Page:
David Linde and Marc Shmuger, who were ousted Monday as co-chairman of Universal, might very well have the satisfaction of learning that one of the films that they greenlit, Couples Retreat,turned out to be a hit. Box-office forecasters are saying that the romantic comedy -- the only film that is opening wide today (Friday), will probably take in $25-30 million over the weekend to take the lead position. The studio has not had a No. 1 hit since last April's Fast and Furious. Analysts are also keeping a close eye on the performance of Paramount's Paranormal Activity, the $15,000 scary movie that has been packing 'em in at midnight screenings in limited release. The film will be expanding to 159 theaters and play during regular hours beginning today.


It's probably a good thing that Couples Retreathas the weekend to itself as the only movie opening wide. Critics are saying that the only thing funny about this romantic comedy are a few one-liners and the only thing romantic about it is the setting on the island of Bora Bora. "Despite the exotic locale, the film is drab and plodding," writes Claudia Puig in USA Today. Lou Lumenick in the New York Postcalls it a "schmaltzy, smutty and mean-spirited quasi-satire set in a touchy-feely New Age resort." Roger Moore in the Orlando Sentinelconcludes that the movie was only made "because of its sunny, sandy location." Judging from their light complexions, he also figures that "cast members slept late and took it pretty easy." David Hiltbrand in the Philadelphia Inquirernotes that although the movie is set in Tahiti, the plot is "skimpier than an Ipanema bikini." On the other hand, Peter Howell in the Toronto Starconcludes that the movie was never intended to be the riotous comedy that some viewers may have expected it to be, given the trailers for it. "It's not your typical formula rom-com," he writes. "Beneath the ham acting and the relentless banter is a serious movie about relationships. We're being sold laughs, but a few sober thoughts are delivered."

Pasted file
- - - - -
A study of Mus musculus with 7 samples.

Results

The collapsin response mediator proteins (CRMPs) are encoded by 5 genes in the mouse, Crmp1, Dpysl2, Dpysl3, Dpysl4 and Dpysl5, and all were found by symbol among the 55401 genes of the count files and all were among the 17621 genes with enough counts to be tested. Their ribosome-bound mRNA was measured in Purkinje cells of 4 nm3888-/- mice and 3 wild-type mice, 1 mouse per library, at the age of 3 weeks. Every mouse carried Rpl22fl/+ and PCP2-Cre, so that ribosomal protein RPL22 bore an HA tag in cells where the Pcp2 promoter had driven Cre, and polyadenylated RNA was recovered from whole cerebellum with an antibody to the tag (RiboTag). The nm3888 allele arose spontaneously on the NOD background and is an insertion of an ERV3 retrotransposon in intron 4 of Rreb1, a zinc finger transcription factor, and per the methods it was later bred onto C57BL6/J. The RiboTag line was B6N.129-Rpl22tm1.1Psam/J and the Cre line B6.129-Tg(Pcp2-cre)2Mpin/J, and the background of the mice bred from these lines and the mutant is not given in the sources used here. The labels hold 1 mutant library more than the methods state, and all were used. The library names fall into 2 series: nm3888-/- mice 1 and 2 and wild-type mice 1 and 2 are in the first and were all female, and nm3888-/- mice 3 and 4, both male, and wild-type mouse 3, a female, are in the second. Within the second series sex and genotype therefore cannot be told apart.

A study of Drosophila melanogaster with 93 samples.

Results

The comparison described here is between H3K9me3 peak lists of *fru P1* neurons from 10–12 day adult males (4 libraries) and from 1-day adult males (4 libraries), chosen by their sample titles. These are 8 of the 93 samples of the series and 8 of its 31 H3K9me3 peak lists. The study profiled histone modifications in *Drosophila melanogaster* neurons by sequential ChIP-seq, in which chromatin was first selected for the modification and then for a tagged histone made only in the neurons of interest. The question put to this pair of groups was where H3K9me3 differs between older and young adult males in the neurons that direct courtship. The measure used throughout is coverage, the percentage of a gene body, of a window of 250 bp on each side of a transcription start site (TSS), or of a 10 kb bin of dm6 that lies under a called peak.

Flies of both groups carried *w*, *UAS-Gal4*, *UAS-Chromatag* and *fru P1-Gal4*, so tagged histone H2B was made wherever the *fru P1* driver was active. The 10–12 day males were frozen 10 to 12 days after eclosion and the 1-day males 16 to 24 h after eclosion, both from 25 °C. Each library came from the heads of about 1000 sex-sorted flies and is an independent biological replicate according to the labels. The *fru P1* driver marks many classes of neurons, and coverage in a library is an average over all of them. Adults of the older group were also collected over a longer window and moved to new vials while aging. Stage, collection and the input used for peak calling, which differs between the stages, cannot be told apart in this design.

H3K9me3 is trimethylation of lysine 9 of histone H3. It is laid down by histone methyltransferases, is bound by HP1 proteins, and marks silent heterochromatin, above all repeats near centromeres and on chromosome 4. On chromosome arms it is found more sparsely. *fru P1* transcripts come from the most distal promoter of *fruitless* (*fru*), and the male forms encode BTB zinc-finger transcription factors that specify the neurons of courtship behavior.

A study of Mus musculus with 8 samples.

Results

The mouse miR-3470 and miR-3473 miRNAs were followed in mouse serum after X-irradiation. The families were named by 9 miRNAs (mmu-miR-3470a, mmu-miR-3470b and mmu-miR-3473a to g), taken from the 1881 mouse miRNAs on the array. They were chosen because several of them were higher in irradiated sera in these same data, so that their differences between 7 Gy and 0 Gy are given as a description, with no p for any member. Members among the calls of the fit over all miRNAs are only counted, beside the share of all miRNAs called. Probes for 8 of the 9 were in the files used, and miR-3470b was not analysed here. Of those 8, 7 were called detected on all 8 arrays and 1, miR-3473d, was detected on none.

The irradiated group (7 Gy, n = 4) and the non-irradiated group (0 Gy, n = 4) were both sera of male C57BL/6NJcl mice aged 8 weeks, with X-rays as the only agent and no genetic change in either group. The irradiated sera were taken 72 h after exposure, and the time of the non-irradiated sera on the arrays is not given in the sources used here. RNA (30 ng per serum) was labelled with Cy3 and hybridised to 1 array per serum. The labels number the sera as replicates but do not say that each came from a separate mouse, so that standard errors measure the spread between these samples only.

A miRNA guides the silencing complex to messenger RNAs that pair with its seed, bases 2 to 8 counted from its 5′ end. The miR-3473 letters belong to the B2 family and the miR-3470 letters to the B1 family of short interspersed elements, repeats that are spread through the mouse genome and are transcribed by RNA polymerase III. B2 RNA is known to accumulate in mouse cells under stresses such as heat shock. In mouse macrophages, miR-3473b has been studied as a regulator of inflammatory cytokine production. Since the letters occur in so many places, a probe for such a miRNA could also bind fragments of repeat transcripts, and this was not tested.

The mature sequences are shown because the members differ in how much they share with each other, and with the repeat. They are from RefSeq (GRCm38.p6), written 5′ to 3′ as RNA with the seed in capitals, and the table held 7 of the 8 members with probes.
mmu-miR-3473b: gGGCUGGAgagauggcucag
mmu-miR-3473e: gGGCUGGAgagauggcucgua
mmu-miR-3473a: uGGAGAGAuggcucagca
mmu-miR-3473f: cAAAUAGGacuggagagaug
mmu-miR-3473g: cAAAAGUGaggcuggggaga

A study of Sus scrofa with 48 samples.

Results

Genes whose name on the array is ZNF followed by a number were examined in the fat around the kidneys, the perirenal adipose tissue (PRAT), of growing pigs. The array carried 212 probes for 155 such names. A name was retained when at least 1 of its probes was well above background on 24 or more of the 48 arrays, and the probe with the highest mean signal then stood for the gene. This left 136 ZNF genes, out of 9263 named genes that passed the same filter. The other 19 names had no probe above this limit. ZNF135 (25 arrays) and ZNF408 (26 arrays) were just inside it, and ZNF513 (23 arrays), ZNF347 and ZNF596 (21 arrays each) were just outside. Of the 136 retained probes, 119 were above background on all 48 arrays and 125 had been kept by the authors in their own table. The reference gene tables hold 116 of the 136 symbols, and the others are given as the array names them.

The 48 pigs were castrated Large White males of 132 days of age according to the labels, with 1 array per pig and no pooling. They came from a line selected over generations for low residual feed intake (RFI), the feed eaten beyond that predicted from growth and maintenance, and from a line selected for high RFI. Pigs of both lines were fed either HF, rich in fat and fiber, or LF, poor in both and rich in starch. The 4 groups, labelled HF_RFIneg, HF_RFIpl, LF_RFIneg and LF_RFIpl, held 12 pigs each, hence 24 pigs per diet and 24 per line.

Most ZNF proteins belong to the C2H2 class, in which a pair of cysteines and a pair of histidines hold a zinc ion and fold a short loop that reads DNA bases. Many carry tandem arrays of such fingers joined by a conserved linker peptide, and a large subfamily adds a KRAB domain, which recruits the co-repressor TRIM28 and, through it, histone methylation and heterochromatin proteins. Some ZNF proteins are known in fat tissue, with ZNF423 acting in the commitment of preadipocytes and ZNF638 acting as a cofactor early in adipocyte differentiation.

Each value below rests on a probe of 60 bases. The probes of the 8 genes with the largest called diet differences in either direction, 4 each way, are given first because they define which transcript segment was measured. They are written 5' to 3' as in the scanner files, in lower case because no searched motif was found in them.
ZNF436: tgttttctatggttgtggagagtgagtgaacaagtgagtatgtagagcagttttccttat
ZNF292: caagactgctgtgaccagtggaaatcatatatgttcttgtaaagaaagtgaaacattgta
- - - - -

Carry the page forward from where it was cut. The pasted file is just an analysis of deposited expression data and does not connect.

For a film that cost only $15,000 to make Paranormal Activityis piling up reviews that are generally as enthusiastic as box-office proceeds have been flourishing. Moving into a few hundred theaters today, the film is being called "ingenious" by the likes of Roger Ebert. "So well made, it's truly scary," he remarks. Without a chain-saw-wielding villain or expensive special effects, the movie "worms its way under our skin like a creepy parasite," writes Claudia Puig in USA Today.Peter Hartlaub in the San Francisco Chroniclefigures that the $15,000 budget benefited the production. "In the end," he writes, "the budget seems about perfect. It turns out that a really cheap film and a filmgoer with a good imagination is more than enough for a scary and entertaining night at the movies." On the other hand, A.O. Scott in the New York Times dismisses it as "a crudely made, half-clever little frightener that has become something of a pop-culture sensation and most certainly the movie marketing story of the year."


Even the studio with the most successful record at the box office this year is retrenching. The Los Angeles Timesreported today (Friday) that Sony Pictures has put "a near freeze on new scripts" and movie development until next April, when its next fiscal year begins. The newspaper reported that the studio has also informed writers that it will not be paying them to start work on many projects already set up at the studio recently. In reporting on the studio's decision, the Timesobserved, "Though it's common for studios to run through their annual development budgets earlier than planned, it's somewhat unusual that Sony has done so halfway through its year." It speculated that the company is seeking to maximize profits from its 2009 slate "by not spending money on projects it may not need."


Efforts by Dutch authorities to shut down The Pirate Bay (TPB) after the four founders were convicted in Sweden of facilitating Internet piracy became more complicated Thursday when one of the TPB founders claimed that the Dutch anti-piracy group BREIN had introduced faked evidence during a court hearing. The court later ordered that a Dutch Internet service provider block further access to TPB. On Thursday a lawyer for TPB claimed that a document linking one of the TPB defendants to an offshore company in the Seychelles that purportedly owns it was fraudulent. The document, supposedly a credit report by Experian, indicated that Fredrik Neij, one of the TPB defendants, was the CEO of Reservella, the owner of Pirate Bay. But attorney Ernst-Jan Louwers claimed Thursday that everything about the report is misleading and false and that Experian itself has no record of the report. TPB now says it will bring criminal fraud charges against BREIN. Responding to the allegation, BREIN's director, Tim Kuik, maintained that his group had "sufficient reason" to link the TPB founders to Reservella, which he described as "a thin veil to cover up what is really going on."